High Protein Intake in Early Childhood – Should I worry or not?

by | May 5, 2019 | News

For adult nutrition, following a high protein diet has become very fashionable with the increasing popularity of the paleo diet. There has been a lot of scientific debate on the efficacy of that diet in adults, I am however more worried about this trend blowing over into nutrition in early childhood.

Over the last year, more and more parents have been asking me about the value of increasing protein intake in their babies complementary food and I have seen also some of the baby food company advertising their food as “high in protein”, as if this is a good thing. Firstly, I want to say, that today’s blog entry is for healthy babies, without any underlying medical diagnoses, where there may be a need to alter protein intake. The latter need to get individualised help from a paediatric dietitian. 

I am just going to come out with it – high protein intake during early childhood is NOT good! In breastmilk  about 6% (give or take) of the energy comes from protein. Breastmilk is the ideal source of nutrition in babies and recommended alongside solids until 2 years of age. So breastmilk is in fact low in protein, high in fat and carbohydrates and this is the ideal source of nutrition for babies. More than 10 years ago, studies started to emerge that babies who were on infant formulas, which then had a higher protein content, had a higher BMI in later life, than breastfed children. As a result ALL standard infant formulas dropped their protein content since then. It was initially thought that the link between higher protein intake and obesity in later life was related to milk protein specifically, but over the last 5 years, it has transpired from research, that it is high protein intake per se (so that means any protein from meat, fish ect) that is linked to obesity in later life. How does excessive protein intake lead to obesity in later life? The “early protein hypothesis” has been generated to try to explain this phenomenon. It is thought that high early protein intakes increases plasma concentrations of insulin-releasing amino acids, which in turn stimulate the secretion of insulin and insulin-like growth factor I, which enhance weight gain and body fat deposition, as well as the later risk of obesity, adiposity, and associated diseases.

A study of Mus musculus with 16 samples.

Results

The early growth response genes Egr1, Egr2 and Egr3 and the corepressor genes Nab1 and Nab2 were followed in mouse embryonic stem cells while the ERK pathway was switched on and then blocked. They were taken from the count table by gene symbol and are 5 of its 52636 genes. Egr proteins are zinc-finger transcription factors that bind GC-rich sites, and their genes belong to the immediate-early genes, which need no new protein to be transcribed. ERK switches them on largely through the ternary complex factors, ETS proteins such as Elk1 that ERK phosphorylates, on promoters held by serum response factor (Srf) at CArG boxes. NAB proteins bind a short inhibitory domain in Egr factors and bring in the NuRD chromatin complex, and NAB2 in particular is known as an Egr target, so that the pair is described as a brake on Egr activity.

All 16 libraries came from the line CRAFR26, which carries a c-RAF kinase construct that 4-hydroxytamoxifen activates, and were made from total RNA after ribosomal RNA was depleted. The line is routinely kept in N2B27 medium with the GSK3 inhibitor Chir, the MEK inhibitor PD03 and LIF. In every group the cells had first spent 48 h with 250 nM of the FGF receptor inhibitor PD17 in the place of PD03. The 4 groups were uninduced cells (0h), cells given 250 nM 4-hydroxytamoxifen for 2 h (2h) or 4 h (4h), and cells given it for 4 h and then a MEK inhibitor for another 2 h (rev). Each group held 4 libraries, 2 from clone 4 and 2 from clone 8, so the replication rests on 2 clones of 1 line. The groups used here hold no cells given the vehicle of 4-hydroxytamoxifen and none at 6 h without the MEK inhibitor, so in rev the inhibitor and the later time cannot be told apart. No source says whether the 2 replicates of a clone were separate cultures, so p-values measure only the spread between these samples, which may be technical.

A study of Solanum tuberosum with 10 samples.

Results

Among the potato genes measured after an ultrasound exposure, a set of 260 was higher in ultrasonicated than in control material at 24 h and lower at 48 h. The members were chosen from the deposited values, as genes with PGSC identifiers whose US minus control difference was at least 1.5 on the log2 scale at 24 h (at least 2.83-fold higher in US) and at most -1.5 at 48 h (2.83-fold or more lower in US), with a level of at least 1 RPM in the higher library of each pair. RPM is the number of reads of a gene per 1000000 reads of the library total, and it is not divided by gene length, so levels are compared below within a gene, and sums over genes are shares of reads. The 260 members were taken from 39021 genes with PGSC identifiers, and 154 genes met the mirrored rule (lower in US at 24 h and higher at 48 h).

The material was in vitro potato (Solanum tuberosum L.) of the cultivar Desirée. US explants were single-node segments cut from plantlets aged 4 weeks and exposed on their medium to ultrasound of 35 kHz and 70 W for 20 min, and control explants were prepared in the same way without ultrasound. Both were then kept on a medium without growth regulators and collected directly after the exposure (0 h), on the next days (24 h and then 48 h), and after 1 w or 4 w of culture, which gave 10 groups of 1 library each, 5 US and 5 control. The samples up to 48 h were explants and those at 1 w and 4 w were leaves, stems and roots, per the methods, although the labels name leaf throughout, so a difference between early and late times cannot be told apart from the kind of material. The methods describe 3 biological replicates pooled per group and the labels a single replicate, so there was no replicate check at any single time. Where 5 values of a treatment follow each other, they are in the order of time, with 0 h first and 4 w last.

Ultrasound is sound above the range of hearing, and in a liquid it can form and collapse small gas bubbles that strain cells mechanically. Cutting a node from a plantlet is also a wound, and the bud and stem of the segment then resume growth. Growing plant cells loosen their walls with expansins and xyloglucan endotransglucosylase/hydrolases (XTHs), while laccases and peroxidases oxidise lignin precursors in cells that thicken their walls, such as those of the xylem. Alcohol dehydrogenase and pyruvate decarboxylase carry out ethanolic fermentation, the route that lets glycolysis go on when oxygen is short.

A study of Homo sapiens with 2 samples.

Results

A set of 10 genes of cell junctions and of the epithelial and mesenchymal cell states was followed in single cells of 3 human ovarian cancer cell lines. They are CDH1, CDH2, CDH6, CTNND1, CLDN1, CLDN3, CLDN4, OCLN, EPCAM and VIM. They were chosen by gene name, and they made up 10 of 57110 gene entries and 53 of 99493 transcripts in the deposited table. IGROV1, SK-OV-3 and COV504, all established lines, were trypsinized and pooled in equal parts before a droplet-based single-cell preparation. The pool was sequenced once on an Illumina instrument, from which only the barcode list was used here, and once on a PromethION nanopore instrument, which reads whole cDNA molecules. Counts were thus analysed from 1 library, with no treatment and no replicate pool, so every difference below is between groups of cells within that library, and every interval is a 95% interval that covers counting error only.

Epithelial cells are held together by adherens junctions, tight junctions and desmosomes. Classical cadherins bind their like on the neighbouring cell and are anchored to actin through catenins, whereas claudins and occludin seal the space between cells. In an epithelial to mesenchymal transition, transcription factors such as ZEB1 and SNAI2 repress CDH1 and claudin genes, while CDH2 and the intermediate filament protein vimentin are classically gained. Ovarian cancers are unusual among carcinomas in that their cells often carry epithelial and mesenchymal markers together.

I am sure that you are now wondering, what is high protein intake?  Research points towards a protein intake within the first 2 years that exceeds 15%  being linked to obesity. So what does 15% of protein mean? If you had a meal of 100 kcal, it should ideally not contain more than 3.75 g of protein (1 g = 4 kcal and 3.75 g = 15 kcal). I have looked through many of the commercial foods and quite a number of these, exceed this threshold. Is this against the law? No, not at this stage, as companies in the EU can go up to 5.5g of protein per 100 kcal (that would be 22% of energy from protein). This legislation is from 2006 and was put in place before all of this research emerged of the impact of high protein intake. I understand, the EU is due to update this in 2020.

So what would I practically suggest – first of all monitor the protein content in baby foods (see above guidance), AND do not fall for any marketing saying “high protein is good in babies”. If you have a pouch that is higher in protein, you can bring down the ratio by adding vegetables/carbohydrates to the pouch. When you cook your own food, try not to exceed the following ratios 1:5 protein and 2:5 starchy foods and 2:5 veg/fruit. There is also no need in a young babies on solids to limit fat intake, remember breastmilk is very high in fat.

I hope that this provides parents with some clarity on the topic.